Six years ago in the Oregon wilderness, a gray wolf pup was born into the Imnaha pack. By the age of 2, he’d grown from a pup into a wolf weighing nearly 90 pounds – that’s when he first met the biologists who named him “OR-7” and started tracking his movements. Just a few months later, OR-7 left the Imnaha pack and set out alone on an epic journey over hundreds of miles – through deep forests and mountain passes; crossing barren desert and gushing rivers; skirting small towns and dodging highway traffic – pushing further and further south.
For four months, the biologists watched as OR-7 kept pace all the way through southern Oregon until he was right up against the California state line. He crossed over on December 28, 2011, becoming the first gray wolf known to set foot in California in a hundred years.
Since then, the California Department of Fish and Wildlife has been working on an official management policy for gray wolves – but the brief window for public comments on the plan closes February 15, 2016. [Update 2/29/16: CLCV members submitted more than 15,000 comments on the plan - thank you, and keep checking here for more updates!]
A century ago, you could hear the howls of wolves echoing on canyon walls and across the valleys of California. But as the human population boomed, the gray wolf population dwindled until none were left living in the Golden State.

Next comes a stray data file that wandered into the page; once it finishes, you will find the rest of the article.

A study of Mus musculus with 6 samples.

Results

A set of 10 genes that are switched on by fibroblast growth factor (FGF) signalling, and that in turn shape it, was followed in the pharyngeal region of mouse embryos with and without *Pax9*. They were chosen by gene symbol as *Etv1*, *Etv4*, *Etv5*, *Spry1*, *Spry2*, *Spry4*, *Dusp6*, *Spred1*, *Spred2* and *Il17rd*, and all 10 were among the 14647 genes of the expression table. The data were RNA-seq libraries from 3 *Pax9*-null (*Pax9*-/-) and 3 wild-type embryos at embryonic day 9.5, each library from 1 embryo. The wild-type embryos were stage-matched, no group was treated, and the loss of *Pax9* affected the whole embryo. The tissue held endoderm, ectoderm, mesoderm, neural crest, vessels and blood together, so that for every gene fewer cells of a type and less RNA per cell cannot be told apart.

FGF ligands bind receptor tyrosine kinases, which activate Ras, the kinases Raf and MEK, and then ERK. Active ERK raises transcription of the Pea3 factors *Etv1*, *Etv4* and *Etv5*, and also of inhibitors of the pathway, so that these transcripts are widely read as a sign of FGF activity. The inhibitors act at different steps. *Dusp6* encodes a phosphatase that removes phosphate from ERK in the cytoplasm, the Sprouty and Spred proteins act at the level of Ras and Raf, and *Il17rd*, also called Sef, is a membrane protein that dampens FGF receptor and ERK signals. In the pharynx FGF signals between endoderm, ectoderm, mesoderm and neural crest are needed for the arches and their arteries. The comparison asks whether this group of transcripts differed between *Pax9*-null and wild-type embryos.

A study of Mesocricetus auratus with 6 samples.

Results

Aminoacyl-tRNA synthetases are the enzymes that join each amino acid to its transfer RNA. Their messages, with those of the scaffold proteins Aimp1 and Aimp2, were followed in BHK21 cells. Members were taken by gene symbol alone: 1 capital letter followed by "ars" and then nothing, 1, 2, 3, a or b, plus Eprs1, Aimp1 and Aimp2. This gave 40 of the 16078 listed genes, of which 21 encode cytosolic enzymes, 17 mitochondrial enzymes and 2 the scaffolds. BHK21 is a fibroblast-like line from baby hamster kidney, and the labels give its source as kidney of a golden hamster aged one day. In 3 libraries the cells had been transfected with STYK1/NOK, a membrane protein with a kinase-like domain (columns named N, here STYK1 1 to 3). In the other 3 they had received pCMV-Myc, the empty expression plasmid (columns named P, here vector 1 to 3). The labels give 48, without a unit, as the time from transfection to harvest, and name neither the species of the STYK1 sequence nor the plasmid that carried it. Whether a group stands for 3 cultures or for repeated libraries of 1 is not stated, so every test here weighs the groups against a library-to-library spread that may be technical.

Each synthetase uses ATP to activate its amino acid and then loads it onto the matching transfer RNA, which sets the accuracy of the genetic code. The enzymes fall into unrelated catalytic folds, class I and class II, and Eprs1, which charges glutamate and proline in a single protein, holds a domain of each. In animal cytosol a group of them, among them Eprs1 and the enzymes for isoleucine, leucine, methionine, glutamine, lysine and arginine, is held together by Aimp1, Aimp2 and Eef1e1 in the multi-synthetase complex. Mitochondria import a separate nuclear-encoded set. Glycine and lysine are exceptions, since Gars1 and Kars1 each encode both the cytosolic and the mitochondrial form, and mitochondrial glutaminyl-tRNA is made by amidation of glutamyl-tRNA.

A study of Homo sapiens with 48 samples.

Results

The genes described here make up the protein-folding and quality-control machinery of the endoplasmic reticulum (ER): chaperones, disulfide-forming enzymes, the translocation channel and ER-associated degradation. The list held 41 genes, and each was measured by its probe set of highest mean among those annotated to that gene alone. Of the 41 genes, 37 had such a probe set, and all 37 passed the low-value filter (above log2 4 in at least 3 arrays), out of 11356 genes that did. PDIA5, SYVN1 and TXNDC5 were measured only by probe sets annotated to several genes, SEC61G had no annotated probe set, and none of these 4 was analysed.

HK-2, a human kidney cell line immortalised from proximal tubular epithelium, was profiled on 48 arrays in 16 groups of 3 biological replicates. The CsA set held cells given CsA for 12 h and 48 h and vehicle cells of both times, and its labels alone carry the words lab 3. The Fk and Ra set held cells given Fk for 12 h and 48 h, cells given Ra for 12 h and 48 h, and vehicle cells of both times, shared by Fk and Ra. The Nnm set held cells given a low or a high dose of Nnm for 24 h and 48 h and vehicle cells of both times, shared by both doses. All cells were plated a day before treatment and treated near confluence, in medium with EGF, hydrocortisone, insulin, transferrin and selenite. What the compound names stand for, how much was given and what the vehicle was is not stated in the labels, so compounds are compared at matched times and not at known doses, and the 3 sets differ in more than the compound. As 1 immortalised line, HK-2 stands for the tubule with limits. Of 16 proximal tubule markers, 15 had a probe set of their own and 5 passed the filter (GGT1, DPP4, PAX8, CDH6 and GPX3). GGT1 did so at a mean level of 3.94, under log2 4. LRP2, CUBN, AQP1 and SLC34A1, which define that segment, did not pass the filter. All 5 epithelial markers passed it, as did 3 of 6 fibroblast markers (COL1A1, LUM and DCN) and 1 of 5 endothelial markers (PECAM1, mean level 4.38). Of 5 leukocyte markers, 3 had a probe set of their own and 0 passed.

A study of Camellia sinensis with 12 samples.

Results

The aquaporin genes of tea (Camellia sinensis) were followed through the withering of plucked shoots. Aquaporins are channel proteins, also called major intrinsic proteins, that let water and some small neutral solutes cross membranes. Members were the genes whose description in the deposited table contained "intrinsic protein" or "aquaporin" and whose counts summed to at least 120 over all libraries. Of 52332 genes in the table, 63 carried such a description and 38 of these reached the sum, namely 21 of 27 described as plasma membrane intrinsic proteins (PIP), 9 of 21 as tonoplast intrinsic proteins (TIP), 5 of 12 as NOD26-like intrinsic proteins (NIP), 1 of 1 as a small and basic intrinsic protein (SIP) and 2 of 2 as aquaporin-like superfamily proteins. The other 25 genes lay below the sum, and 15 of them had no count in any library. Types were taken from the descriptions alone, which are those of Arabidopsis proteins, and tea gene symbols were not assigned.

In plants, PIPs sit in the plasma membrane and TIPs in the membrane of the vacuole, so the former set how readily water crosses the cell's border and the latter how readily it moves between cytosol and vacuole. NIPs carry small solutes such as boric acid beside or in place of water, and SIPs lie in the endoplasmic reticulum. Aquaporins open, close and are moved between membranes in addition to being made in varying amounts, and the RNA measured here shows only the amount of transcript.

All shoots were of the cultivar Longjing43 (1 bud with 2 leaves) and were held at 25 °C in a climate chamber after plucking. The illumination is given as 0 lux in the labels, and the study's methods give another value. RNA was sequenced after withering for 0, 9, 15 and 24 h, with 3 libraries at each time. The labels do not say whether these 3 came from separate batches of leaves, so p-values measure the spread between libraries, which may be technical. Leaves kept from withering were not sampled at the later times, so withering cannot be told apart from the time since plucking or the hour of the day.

Gray wolves weren’t even on California’s endangered species list, because it was too late. They had all been killed or driven out by human activity – especially hunting – and there was no use in trying to protect them.
Until now. OR-7’s presence in California helped set in motion the preemptive listing of wolves as an endangered species in California in 2014, and the development of a state plan to manage a growing population of wolves is now almost complete.
While the department's plan is sound overall, we have concerns about one section in particular: It states that if there are more than nine breeding pairs of wolves or the population exceeds 50 statewide, officials could potentially remove the species from the endangered species list.
OR-7 crisscrossed the Oregon-California border several times after his first visit here four years ago. He eventually found a mate, and they produced a litter of pups in 2014. And another litter just this year.
And while OR-7’s pack has settled on the Oregon side of the state line, a new pack of wolves in California was caught on camera earlier this year: Two separate adult gray wolves… and their five pups!
They are California’s “Shasta Pack” – and for now, they are the only wolves we have. Thank you to the many CLCV members who made public comments in support of a thriving gray wolf population in the Golden State.